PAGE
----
Local Journalism Initiative Reporter
“They stole the children from the land. Now they steal the land from the children.”
This was one of the many messages written on signs that members of the Klabona Keepers and the Tahltan Nation displayed during their long fight to block mineral extraction and the impacts of multi-national industral development at the sacred headwaters known as the Klabona, located in northwest British Columbia.
For 15 years, Elders and members of the Tahltan Nation near Iskut, fought to protect the headwaters of the Stikine, Nass and Skeena Rivers.
The Klabona Keepers was a matriarch-led group comprised of Elders and their supporters who held blockades and protests in an effort to stop developments that would endanger the territory.
And they won.
“This was won by a group of Elders, old ladies, a couple of old men… When you think about them, you think of them as cute old Elders. And then these guys come up on our doorstep and then they’re the scariest people you’ve ever seen,” said Robert Jakesta, who grew up watching his family and community fight for their land on the blockades.
Jakesta was only 10 years old when he started attending the blockades with his family during the summer months.
“It was empowering, very empowering. A lot of it was very empowering, but it was very, very emotional too,” he said. “We saw a lot of things that you couldn’t believe you were seeing at the time.”
For example, when his grandfather, who was in a wheelchair, was arrested, he refused to be wheeled down the road to the police car. Although he could barely walk, he stood up and slowly made his way to the vehicle.
“I went behind a structure and was bawling my eyes out,” said Jakesta. “One of the biggest things that this fight has put inside of me is that you live by a moral code and integrity. No amount of money or anything, anything, is important enough to give up your own moral beliefs and integrity.”
Jakesta is one of the community members featured in the Klabona Keepers documentary to be showcased at the Vancouver International Film Festival, running Sept. 29 to Oct. 9, 2022.
Tamo Campos, director of the film, had spent many years filming the blockades for media.
He said it wasn’t until after the victory when Elders and members of the Klabona Keepers approached him did he begin to create the documentary.
“The Elders brought it up because they had so much footage,” Campos said, adding they had asked him if he would tell the “deeper story” because of all the footage he had acquired during his time with them.
He recalls how the community originally welcomed him in from what was supposed to be a quick stop for ice cream during a road trip to another job.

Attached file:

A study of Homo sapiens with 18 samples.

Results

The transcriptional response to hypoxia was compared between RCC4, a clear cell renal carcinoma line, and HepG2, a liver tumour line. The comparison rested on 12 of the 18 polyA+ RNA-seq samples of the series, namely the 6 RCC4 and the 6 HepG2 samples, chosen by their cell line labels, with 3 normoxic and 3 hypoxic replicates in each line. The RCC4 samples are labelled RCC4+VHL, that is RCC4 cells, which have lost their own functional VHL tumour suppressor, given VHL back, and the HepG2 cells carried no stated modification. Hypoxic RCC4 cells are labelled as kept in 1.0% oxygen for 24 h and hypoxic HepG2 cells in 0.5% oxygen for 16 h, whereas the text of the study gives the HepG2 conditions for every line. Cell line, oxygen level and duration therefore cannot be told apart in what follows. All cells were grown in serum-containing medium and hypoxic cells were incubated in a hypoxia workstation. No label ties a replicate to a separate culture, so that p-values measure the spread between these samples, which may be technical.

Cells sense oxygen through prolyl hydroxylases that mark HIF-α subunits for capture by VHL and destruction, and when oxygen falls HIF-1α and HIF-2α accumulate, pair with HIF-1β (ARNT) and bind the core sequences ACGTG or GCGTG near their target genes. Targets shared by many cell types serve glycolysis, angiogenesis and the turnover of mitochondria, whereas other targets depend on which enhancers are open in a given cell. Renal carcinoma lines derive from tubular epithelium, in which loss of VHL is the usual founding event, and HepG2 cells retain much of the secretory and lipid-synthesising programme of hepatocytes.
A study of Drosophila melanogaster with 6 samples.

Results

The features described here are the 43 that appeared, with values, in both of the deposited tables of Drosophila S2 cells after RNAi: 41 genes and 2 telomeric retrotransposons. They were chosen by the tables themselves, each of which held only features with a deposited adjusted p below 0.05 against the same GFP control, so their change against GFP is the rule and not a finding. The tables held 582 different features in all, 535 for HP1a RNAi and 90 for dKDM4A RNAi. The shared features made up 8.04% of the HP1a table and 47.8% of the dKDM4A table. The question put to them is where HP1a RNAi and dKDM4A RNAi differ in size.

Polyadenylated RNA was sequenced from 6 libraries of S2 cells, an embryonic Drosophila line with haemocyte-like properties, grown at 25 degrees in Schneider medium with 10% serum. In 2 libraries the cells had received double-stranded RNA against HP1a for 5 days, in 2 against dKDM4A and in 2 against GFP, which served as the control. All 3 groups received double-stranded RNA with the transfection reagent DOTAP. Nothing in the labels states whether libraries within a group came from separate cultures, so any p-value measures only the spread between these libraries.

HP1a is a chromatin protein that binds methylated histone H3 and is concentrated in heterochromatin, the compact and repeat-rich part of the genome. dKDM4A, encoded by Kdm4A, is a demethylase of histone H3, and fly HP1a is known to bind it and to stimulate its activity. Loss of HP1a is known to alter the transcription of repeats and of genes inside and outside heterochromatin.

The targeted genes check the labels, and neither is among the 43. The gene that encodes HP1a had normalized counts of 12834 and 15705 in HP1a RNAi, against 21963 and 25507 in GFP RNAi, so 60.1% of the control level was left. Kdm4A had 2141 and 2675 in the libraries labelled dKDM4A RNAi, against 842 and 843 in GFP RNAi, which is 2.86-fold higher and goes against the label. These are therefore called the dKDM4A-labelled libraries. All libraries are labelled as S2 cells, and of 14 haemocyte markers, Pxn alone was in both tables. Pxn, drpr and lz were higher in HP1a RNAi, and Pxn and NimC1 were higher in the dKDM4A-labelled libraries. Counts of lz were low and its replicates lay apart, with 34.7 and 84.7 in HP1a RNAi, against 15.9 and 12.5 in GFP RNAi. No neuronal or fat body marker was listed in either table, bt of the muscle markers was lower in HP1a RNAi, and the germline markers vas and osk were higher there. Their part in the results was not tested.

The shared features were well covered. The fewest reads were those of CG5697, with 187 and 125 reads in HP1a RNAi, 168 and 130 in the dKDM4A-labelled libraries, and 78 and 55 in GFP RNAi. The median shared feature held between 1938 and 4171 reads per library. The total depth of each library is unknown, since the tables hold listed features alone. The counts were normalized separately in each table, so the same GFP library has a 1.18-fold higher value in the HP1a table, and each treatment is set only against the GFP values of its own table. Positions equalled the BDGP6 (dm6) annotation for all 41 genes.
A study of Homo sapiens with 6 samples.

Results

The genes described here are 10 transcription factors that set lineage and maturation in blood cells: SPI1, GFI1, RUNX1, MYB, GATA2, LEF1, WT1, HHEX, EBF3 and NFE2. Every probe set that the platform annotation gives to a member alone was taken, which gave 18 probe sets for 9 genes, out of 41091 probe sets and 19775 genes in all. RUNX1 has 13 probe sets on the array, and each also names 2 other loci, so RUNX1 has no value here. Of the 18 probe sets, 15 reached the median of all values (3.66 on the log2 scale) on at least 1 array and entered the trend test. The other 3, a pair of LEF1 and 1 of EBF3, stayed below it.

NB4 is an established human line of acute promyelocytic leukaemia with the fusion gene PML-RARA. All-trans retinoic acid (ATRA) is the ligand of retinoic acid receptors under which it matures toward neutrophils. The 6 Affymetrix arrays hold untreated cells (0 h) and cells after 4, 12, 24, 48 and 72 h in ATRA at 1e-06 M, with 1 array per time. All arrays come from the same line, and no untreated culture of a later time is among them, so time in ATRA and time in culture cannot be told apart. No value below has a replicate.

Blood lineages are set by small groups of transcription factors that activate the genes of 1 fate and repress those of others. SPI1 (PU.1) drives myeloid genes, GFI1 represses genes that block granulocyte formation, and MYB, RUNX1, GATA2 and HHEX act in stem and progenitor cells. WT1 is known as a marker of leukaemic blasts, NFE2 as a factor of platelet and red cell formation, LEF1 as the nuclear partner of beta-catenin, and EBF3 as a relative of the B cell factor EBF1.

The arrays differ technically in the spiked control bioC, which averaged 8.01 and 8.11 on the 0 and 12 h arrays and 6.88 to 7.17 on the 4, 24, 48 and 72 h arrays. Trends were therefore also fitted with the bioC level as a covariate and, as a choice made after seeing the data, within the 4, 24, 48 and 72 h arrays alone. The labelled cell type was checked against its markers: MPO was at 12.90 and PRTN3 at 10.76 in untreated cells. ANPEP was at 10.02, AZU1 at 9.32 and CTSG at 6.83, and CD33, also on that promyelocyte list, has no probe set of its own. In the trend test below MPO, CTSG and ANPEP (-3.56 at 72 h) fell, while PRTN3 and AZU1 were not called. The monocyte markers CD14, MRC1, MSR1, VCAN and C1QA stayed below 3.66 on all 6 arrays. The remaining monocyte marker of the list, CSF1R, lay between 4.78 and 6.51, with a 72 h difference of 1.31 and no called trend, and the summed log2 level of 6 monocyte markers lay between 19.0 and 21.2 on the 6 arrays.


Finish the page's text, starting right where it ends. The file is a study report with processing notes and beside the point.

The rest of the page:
He ended up attending a music festival there, and then was invited to attend the blockades.
“The film, in many ways, was… is really just a love letter for the community that had taken me in about a decade ago and it was really just a way to honour those relationships,” he said. “And really share the story that was really inspiring to me, and I think will be inspiring to a lot of other people. What these families were willing to sacrifice and just their dedication to fight for an area that should be sacred to all of us.”
In creating the documentary it was important to Campos that it wasn’t just his version of the events that took place, so he requested Rhoda Quok to produce the movie alongside him.
“It was very collaborative. We filmed over eight years. We had older filmmakers with some of the footage with roots to the community,” he said. “They all contributed footage to round off the story.”
Quok, who is also Jakesta’s mother, was the leader of the Klabona Keepers during the blockades.
“She’s from the community so she was a huge part in teaching us about that process and how to do this work in a good way,” Campos said.
“There was this whole process of really working with stories as they are sacred and special themselves, and making sure they are taken on with a lot of responsibility to the people within it, rather than just the means and the goals with why you are putting the story out,” he said.
“Documentaries have such an extractive history in stealing stories from Indigenous communities, and so when you’re doing, especially with this film, it’s a film about the extraction of the land. How do you make sure you are not replicating that same process through story telling. That is something that we spent a lot of time thinking about,” Campos explained.
Another aspect Campos was passionate about was that he wanted the story and the film to stay within the community and so the ownership of it is to be with them.
“We structured it so that Klabona Keepers own the film and they’ve decided with that they want all proceeds to go to youth programs in the sacred headwaters area,” he said.
“Not only do I think it will it be an inspiring story for folks who watch it but there is a solid aspect where it continues to give to a community that fought so hard for that area.”
Local Journalism Initiative Reporters are supported by a financial contribution made by the Government of Canada.